Seok-Yong Choi’s lab is performing research on the topics listed below using zebrafish as a model organism. Taking advantage of its easiness in carrying out drug screen, we are developing drugs related to respective research topic collaborating with Professor Jin Hee Ahn in Department of Chemistry at Gwangju Institute of Science and Technology (GIST).
Motile cilia exist in ependymal cells in brain ventricles and spinal central canal, oviduct epithelial cells and respiratory epithelial cells, and are involved in flow of cerebrospinal fluid, migration of oocytes and removal of mucus, respectively. As such, defect in motile cilia leads to hydrocephalus, infertility and respiratory infection.
We are investigating the molecular mechanism underlying restoration of defective motile cilia and thus developing small molecules that regenerate motile cilia.
Development of Aryl hydrocarbon receptor (AhR) antagonists
AhR was previously known as receptor of xenobiotics such as dioxin, yet its research is very active worldwide because it has been reported to be implicated in stem cell biology, immunity and infection.
Using transgenic AhR reporter zebrafish and small molecule library, we have identified AhR antagonists. We are currently improving their efficacy by optimizing lead compounds.
We recently found that AhR antagonist we developed exhibited anti-viral activity against SARS-CoV-2, virus causing COVID-19.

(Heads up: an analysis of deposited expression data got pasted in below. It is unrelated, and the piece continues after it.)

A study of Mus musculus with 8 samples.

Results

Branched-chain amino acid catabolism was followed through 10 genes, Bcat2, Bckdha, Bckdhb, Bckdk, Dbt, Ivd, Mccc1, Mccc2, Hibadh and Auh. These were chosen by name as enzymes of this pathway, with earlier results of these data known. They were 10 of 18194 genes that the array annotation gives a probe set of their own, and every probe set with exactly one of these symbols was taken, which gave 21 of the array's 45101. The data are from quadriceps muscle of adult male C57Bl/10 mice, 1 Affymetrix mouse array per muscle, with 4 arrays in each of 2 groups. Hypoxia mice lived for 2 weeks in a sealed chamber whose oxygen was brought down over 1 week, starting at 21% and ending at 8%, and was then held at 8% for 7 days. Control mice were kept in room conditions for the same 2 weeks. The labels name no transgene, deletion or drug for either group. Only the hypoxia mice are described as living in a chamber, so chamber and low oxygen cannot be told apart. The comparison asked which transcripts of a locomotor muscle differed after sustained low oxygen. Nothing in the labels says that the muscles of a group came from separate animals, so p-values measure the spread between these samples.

Molecular diagnosis of human genetic diseases
Advent of Next Generation Sequencing (NGS) dramatically reduced time and expense required for sequencing of human genome, which makes it much easier to identify causative gene of human genetic diseases. However, functional study including research on animal model is critical to prove the causality.
We are identifying causative genes responsible for human neurological genetic diseases and determining how mutations of these genes elicit the diseases, collaborating with Professors Myeong-Kyu Kim and Tai-Seung Nam in Department of Neurology at Chonnam National University Medical School.
Molecular mechanism of sex determination in zebrafish
Sex is determined by either sex chromosomes or environmental factors such as tempature and density. However, neither sex chromosomes nor environmental factors have been known to be involved in sex determination to date.
We recently found that lack of mitoPLD, a key player in mitochondrial fusion and piRNA generation, leads to gonadless zebrafish with male appearance, and are currently studying how mitoPLD regulates SD in zebrafish.